AKA: Aelita. Status: Cancelled 1982. Gross mass: 7,350 kg (16,200 lb).
The basic design was first conceived in 1965 as part of a 'Cloud Space Station' - a primary space station from which a number of man-tended, free-flying spacecraft would operated. This evolved by the early 1970's into the MKBS/MOK space station complex. Various spacecraft with specialized laboratories or instrument sets would fly autonomously away from the huge N1-launched main station. Aelita was originally to be a free-flyer of this complex. The Soyuz propulsion system was used, but the descent and orbital modules were replaced by a large pressurized cylinder containing the scientific instruments.
Work on the instrument payload began in 1972. However that same year the N1 launch vehicle, and the MKBS space station, were cancelled.
The Soviet space program was completely reformulated in a resolution of February 1976, which included authorization to develop the free flyer in conjunction with the DOS-7/DOS-8 space station (which would eventually evolve into Mir). The draft project for Aelita was completed in 1978, and production was authorized together with Mir on 16 February 1979. At this point Aelita may still have included a passive docking port so that the spacecraft could be serviced by Soyuz manned spacecraft. It was planned that at six and twelve months into its one year mission Gamma would be visited by a two-crew Soyuz, who would replace film cassettes and repair or replace instruments. The spacecraft was cancelled in 1982. It's sister spacecraft, the Gamma, continued due to French involvement in the project, and finally flew in 1990.
Afanasyev and Keldysh chaired the unusual and extraordinary Soviet of the chief designers. Mishin opened with an emotional plea not to cancel the N1. He justified the delays and failures by saying that he had not been given sufficient budget to conduct necessary experimental and qualification tests of systems before flight. Additional Details: here....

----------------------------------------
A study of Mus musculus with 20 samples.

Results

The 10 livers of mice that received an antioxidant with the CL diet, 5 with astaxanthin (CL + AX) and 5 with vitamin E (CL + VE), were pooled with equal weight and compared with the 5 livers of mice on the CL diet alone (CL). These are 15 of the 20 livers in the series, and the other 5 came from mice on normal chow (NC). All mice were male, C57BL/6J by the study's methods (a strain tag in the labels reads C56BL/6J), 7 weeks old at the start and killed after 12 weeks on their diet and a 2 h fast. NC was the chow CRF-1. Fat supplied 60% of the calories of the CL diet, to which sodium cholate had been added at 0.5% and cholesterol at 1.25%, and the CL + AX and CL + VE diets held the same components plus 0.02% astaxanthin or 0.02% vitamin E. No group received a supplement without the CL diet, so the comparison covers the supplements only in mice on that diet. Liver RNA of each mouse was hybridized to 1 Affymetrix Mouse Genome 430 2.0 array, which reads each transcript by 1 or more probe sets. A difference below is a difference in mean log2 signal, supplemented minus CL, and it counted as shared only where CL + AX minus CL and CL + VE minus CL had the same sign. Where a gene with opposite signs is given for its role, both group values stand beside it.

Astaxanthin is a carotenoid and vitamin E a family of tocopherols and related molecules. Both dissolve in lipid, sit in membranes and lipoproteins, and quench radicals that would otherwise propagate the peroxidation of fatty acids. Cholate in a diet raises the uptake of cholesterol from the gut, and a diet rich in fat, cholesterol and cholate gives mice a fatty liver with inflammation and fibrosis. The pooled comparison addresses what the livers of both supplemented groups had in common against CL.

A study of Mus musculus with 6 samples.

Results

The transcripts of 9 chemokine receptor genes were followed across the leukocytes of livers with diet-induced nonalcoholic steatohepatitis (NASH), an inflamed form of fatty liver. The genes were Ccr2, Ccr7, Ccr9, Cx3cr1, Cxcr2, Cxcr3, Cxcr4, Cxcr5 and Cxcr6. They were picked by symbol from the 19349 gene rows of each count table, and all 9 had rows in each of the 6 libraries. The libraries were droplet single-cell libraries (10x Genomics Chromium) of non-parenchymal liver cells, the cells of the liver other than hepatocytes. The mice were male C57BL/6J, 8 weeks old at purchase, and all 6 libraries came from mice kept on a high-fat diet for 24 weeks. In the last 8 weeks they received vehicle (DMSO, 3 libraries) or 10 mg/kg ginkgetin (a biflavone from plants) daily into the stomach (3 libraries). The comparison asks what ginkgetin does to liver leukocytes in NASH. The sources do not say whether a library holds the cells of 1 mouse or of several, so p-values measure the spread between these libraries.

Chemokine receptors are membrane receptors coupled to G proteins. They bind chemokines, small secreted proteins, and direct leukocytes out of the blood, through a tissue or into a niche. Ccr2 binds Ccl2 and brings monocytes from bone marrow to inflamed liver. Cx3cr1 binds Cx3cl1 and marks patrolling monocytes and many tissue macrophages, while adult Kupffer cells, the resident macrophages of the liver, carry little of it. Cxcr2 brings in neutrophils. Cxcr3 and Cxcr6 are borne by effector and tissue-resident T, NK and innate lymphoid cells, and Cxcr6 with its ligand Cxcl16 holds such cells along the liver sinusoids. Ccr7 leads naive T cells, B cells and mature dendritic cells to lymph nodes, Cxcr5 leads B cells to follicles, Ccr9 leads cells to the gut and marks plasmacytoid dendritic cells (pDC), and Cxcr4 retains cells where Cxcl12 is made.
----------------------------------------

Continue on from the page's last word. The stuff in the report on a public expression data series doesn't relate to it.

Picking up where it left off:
Over two days a State Commission reviewed all of the conclusions of the N1 3L failure investigation and the readiness of N1 5L for flight. All of the fixes identified to remedy the 3L failure had been incorporated into 5L. It was felt that the behaviour of the systems in fire conditions were understood and appropriate measures had been taken. The wiring had been rerouted and insulated. Barmin wanted the system not to shut down any engines under any conditions during the first 15-20 seconds of flight, so that the booster would clear the pad and there would be no risk of the pad's destruction. But there was no time to develop such measures before the 5L launch; it could only be added in vehicle 6L. Additional Details: here....
As a result of the VPK meeting of 29 May, a decree was issued, instructing Chelomei to complete a draft project within the year for a Mars manned space mission, using as the booster his UR-700M (or UR-900) design, and his MK-700M spacecraft. It was not until August 1997 that Igor Gansvindt revealed that during the 1960's he had developed a system for navigation and guidance for a piloted landing on Mars and its return to earth. This work preceded Aleksei Tolstoy's Aelita project of 1975.
Keldysh heads a review of spacecraft environmental control system development. The work of the IMBP is not well organised. They have been developing systems for eight years with no concrete results. G I Voronin is responsible for oxygen regenerator and thermal regulation systems; G I Severin, for space suits; O G Gazenko for biosensors, medicines, and space food. Two problems need to be solved: to understand and counter the effects of zero gravity on the human organism; and to develop a reliable environmental control system with a guaranteed life of two to three years. Keldysh declares that in the next five to ten years the Soviet Union will not fly space stations with artificial gravity. Therefore, due to the inevitable deterioration of the human body in zero gravity, crews will have to be rotated every 30 to 60 days. Development must continue with an eye to supporting eventual lunar bases and manned expeditions to Mars.